I recently met Moses Chowdhury, the Head Brewer of the Fakir Brewing Company, from Norfolk in East Anglia.
Moses explained that he and a friend set up ‘Fakir’ with a plan to develop an Indian Real Ale – does that make it an IRA to go with the various IPAs and APAs?
He wanted a real ale that would complement Indian food.
I’ve discussed this in the past here at The Brewclub. Most Brits drink Lager with their Biryanis, it’s tradition. But IPAs work a storm with a curry, and given that there are around 10,000 Indian Restaurants in the UK – serving some two and a half million customers each week – it’s a market worth targeting.
You will, of course, be aware that a Fakir is an Indian holy man, or shaman someone who – as the brewery’s website here would have it – ‘devotes their life to spiritual discovery’, that’s as may be, it’s still a tricky beer to order politely.
Their first brew, ‘Old Fakir’s Gold’ is brewed with a combination of pale malts, Moses described the recipe as using “a small amount of Pilgrim for bittering, then a combination of Cluster, Galaxy and Stella as aroma hops. Cluster giving a citrusy tone, while Stella and Galaxy provide tropical fruity characters.” He describes it as “a golden ale with a delicate citrus-grapefruit aroma”.
Okay, so based on that recipe, I braced myself for a ‘hop bomb’.
It pours a hazy, peach colour, slightly cloudy. There’s no head or lacing to speak of, and not much nose, but I guess when your target market is curry-eaters, you’re not playing for subtlety.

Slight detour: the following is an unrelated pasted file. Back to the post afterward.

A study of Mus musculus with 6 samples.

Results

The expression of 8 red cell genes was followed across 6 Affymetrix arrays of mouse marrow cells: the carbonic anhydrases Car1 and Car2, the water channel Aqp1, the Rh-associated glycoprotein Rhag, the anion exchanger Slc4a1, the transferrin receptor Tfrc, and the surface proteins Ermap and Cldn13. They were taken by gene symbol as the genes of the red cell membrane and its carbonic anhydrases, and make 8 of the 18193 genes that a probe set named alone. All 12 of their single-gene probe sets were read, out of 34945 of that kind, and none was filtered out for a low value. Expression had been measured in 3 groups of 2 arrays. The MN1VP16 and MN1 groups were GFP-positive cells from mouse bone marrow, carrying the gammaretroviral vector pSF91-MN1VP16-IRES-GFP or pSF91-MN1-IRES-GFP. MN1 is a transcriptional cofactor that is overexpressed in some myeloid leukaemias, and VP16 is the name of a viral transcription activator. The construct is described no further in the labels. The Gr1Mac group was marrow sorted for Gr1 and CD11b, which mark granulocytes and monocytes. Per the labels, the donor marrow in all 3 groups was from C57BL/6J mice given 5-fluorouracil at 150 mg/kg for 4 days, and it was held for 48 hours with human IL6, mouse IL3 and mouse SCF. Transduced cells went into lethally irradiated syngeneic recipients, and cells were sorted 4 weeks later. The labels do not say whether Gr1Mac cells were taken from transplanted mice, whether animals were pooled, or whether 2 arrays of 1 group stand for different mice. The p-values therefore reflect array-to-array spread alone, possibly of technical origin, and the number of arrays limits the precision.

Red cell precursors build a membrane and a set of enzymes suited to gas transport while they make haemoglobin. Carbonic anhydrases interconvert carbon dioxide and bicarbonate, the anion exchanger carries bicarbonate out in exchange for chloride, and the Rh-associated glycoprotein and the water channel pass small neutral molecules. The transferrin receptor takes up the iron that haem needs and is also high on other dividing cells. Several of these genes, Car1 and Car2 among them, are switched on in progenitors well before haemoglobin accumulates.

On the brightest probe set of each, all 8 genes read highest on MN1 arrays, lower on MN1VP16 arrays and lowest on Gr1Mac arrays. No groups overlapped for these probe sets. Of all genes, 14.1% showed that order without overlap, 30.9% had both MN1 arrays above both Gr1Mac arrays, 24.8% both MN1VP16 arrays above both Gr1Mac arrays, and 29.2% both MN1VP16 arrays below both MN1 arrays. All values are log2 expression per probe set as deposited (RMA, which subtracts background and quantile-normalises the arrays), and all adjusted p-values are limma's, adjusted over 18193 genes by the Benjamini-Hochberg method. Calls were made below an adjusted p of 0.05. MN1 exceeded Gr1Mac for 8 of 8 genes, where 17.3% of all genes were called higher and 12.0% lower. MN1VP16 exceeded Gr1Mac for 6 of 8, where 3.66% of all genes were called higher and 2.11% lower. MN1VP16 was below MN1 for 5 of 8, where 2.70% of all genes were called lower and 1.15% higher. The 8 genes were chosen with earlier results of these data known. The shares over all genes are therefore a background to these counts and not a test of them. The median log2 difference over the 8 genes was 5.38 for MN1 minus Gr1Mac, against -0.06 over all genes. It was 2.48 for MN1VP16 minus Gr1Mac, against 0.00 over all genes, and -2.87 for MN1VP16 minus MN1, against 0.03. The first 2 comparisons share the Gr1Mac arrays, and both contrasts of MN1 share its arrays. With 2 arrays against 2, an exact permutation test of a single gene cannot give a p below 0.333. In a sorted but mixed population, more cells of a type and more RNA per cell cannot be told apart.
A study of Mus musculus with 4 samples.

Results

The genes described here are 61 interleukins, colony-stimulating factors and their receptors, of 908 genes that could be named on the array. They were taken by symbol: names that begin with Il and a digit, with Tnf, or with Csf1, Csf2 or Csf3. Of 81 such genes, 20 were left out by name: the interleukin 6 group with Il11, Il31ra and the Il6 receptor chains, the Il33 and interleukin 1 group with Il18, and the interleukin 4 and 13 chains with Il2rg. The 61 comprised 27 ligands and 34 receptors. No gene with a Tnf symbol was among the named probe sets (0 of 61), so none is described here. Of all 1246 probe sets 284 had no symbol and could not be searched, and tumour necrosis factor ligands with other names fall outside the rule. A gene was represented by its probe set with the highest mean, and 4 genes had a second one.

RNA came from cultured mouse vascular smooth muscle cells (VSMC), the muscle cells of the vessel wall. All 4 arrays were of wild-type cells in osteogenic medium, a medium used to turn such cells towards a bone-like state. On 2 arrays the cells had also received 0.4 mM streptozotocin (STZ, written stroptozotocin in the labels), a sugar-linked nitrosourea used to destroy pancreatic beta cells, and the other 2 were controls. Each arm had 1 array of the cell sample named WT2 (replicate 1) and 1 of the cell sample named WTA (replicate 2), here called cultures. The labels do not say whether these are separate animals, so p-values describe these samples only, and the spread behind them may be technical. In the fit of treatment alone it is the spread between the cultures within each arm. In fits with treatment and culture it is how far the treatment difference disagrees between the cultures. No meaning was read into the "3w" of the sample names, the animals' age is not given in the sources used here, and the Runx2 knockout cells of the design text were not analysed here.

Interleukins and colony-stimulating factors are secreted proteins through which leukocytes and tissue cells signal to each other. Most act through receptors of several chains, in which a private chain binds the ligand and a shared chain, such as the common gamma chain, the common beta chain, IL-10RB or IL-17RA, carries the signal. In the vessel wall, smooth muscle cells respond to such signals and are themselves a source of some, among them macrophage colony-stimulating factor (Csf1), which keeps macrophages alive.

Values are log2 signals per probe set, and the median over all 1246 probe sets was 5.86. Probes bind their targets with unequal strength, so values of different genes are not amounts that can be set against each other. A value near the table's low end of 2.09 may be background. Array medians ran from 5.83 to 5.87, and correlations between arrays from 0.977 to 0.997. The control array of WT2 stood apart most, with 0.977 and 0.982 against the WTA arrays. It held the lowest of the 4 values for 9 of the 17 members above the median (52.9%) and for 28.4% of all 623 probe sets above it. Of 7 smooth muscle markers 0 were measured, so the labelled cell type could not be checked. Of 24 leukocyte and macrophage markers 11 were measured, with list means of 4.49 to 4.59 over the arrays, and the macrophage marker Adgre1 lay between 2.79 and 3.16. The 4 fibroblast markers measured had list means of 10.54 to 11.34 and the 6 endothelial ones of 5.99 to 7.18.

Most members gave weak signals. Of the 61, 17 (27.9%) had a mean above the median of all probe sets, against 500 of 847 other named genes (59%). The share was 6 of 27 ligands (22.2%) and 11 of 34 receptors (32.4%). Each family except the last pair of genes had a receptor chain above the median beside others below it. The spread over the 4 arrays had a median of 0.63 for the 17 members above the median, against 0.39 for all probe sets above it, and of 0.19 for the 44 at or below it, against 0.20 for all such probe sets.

And that’s evident in the flavour. This is indeed a hop-bomb! It’s not subtle; I don’t think it could even spell subtle. This beer takes you out into the car-park and beats you about the head with its hoppiness.
It’s out there in the car park now picking a fight with Brewdog’s Punk IPA!
Oh, and don’t forget the 5.5% alcohol, this is NOT a session beer – if you value your brain cells.
Okay, after a few sips your stunned palate starts to differentiate other flavours, behind the hoppy bitterness there is grapefruit to the fore, with maybe peach lurking in the background, but probably scared to come out.
I can see this working well alongside a hot curry; it’s not really a beer for enjoying on the patio in the sunshine, but with something hot, maybe a Madras or a Vindaloo, those intense hops would cut through the heat of the meals. It would probably overpower anything less potent than a Madras, but since that’s my personal preference, that’ll do.
Old Fakir are a young brewery, and their beer is already widely stocked in Indian restaurants in East Anglia, I wish them well, and look forward to trying their next brews.